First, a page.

I never cease to be amazed at people and their stories. I have had many opportunities in life to sit back and listen to another person tell their story. Sometimes they need to be asked a few questions to get started, but whether a slow start or an immediate one, the look on their faces as they verbally re-create their life experiences, is always the same: that of contained excitement. Excitement that they are able to share something that is so uniquely intimate to them, as well as the increased hurriedness of their speech as the experiences are revived in their minds as their words translate those memories into verbiage.
9/11 this year was a day filled with stories. Whether it was broadcast on mass media or just around a cup of coffee with a friend, many people told their wholly unique account of a country’s shared story.
I was running a few errands this past Friday and had NPR on the car radio. As the callers cried, so did I. Grown men that talked as assuredly as they could until finally that building lump in their throat constricted and their emotions were divulged to the listening audience. One man talked of his mother dying in Building 1. She died from the rivets in the walls popping loose and hitting her just so. “I am angry at that building!”, he adamantly spoke. “I am angry at the people who built that building.”
Our minds are such complex organs. They seek to find something to latch onto. The grieving process is a strange and circuitous one. Someone who has been through the odd pathways of grief can understand his real (if even misplaced) anger at a building for taking his mother too soon…
On Saturday, September 12, Scott and I were driving to Iowa and I listened as he recalled his memory of September 11, 2001. He was a dispatcher at the time, in Omaha. He remembered the large glass building that he worked in with large grids on the walls of incoming and outgoing trains. They were immediately locked down. No one was to leave and no new dispatchers were allowed to enter the building for relief duty. Transportation was one of the biggest perceived threats of the day for fear that terrorists would infiltrate our modes of travel. The railroad transports one of our largest “staples” in American society – fuel. The dispatchers were told to stay calm and to be a calming agent to the field personnel who were working the trains and to whom they were communicating directions. All the while huge barricades were being placed around the Harriman Dispatch Center to thwart any drive-by terrorists from crashing into the railway brain of Union Pacific.
I asked Scott what it felt like to be severed from his family during such an intensely scary time. I have always wondered what it would be like to be the spouse of a president or vice-president, as they are whisked off to safety, while you are taken elsewhere. Okay, so Scott didn’t rank QUITE that high, but I saw a small opportunity to find out how it might have felt. After all, family is family no matter how ‘important’ you are. Scott was lucky that he was able to talk to his family. Find out what they were doing and where they were at all times. But he said there was also a sense of protection not just for his family, but for his country. For his engineers and conductors. He had a sense of urgency that what he was doing was pivotal to the safety of the nation’s fuel supply. Food supply. For the continuation of ‘business as usual’ that our country so desperately needed protected at this given moment in history.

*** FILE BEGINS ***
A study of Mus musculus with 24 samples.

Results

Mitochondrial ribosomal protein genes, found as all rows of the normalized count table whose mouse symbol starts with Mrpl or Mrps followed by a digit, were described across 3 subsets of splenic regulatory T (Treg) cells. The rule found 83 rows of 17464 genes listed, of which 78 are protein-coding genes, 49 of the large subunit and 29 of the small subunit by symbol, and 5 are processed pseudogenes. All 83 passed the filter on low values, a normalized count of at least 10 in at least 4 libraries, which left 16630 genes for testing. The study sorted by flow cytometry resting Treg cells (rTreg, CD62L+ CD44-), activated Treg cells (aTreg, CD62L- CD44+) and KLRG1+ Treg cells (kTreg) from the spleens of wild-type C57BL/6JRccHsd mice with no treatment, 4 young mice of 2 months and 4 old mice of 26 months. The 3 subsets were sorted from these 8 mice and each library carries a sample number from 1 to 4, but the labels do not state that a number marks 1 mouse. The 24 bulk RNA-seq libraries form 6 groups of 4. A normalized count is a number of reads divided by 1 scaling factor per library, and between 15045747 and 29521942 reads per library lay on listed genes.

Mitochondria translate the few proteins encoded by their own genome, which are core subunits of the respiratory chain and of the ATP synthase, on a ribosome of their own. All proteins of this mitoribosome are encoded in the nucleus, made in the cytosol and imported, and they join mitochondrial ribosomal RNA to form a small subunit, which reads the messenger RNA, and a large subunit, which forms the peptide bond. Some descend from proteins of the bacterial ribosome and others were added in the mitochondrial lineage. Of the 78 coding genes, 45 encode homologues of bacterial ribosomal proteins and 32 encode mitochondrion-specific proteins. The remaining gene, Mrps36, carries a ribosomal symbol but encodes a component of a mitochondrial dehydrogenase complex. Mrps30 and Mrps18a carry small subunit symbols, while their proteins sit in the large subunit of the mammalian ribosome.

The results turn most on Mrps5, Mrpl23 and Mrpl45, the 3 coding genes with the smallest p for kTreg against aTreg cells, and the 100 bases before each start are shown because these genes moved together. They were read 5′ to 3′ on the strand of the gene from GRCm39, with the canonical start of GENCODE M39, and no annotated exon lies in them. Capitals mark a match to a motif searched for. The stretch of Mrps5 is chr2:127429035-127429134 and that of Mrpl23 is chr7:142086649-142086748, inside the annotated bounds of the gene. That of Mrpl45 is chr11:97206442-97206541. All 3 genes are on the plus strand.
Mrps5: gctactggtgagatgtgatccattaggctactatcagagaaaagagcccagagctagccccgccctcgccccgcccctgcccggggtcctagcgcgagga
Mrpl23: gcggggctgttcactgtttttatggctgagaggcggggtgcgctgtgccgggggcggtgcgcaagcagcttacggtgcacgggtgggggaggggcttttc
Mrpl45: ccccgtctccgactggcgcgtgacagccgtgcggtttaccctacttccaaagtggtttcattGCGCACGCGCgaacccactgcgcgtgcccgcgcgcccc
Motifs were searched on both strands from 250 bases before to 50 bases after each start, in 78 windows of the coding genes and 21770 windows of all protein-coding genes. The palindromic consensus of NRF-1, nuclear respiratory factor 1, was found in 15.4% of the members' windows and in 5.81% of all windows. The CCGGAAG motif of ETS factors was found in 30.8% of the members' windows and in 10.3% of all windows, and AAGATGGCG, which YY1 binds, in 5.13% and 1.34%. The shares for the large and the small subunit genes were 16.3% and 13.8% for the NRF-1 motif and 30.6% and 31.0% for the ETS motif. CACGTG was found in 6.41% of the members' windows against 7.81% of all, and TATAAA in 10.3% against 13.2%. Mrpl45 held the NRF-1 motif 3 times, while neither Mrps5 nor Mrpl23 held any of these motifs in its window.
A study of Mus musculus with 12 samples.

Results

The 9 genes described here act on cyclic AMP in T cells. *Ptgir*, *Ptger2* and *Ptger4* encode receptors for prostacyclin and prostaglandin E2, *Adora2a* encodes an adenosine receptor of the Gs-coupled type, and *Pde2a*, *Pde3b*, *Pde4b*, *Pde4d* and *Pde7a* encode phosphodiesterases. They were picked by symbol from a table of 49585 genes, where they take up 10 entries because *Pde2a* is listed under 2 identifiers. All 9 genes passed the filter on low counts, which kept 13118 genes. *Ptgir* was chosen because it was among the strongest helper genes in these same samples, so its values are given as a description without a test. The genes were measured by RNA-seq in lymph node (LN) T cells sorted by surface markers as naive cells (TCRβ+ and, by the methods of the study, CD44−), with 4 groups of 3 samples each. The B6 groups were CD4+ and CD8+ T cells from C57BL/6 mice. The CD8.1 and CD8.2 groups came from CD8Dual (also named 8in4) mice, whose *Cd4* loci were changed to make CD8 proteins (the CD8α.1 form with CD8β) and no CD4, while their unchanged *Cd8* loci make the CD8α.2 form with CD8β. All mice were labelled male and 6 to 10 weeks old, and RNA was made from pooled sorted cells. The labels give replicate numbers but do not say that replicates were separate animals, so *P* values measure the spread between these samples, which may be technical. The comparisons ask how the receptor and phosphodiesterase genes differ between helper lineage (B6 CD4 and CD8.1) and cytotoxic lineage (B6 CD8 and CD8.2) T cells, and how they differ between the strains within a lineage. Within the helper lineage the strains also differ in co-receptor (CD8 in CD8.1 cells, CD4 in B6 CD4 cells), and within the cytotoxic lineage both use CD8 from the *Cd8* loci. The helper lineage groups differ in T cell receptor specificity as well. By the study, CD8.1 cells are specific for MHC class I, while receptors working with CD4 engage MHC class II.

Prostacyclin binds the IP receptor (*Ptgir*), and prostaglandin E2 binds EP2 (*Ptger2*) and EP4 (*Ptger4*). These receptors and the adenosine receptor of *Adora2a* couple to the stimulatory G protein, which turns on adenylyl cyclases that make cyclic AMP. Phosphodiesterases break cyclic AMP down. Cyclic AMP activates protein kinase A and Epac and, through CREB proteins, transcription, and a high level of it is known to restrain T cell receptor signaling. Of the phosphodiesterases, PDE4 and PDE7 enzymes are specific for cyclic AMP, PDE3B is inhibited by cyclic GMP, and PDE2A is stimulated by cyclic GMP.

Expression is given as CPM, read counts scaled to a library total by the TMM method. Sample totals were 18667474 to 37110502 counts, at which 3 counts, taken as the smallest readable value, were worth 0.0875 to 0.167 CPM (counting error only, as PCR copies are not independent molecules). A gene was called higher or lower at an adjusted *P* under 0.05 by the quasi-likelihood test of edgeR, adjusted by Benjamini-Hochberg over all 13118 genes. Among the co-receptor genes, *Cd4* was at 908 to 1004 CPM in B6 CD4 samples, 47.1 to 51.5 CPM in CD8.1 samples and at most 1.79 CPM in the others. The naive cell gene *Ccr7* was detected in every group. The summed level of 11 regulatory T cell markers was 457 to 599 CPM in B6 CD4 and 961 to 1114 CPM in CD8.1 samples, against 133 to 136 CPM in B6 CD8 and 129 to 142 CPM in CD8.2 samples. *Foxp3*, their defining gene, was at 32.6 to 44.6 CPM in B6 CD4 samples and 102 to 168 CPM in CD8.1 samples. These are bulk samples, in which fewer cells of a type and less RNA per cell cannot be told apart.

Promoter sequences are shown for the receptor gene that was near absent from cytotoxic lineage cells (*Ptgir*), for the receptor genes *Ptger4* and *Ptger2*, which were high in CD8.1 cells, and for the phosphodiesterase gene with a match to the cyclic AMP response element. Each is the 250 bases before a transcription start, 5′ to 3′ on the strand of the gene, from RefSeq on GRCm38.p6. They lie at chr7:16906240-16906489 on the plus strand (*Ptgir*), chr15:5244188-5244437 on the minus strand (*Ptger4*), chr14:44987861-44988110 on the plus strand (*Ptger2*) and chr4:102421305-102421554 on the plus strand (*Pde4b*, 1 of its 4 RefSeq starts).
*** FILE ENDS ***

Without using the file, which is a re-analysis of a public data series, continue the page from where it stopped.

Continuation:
Scott told me about sitting in the glass-walled building listening to news reports that all planes had been grounded – restricted from taking off. He said they heard a huge airplane engine outside their windows as an F-16 flew over Omaha. The news talked about taking the President to an undisclosed location, as Scott and his fellow dispatchers stood at the glass windows and watched Air Force One fly right behind that first F-16. The engines of Air Force One cut through the city’s silence as it swooped down close enough to the city to see the writing on the airplane, heading to the home of SAC (Strategic Air Command) in Nebraska. He said it was an eery feeling as the calm of the city was interrupted by the revelation that the President was being hidden in the middle of the country. Each of them feeling privy to information of which CNN and the country was not yet aware.
Stories define our lives. They make us uniquely different from our neighbor, yet simultaneously serve as the unifying link to the grander story of human existence. They are proof of God’s protection and grace and sacred sense of humor. They point to the proof that friends and family are the byline that we all possess. Stories are rarely told anymore; yet are the potential conduits to peace in our world.
Show and tell!
Share your story; verbally or written.
Listen to the stories of your fellow sojourners.
Graham crackers, rocking chairs, sitting on your carpet squares…
Maybe our 2nd grade teachers were on to something.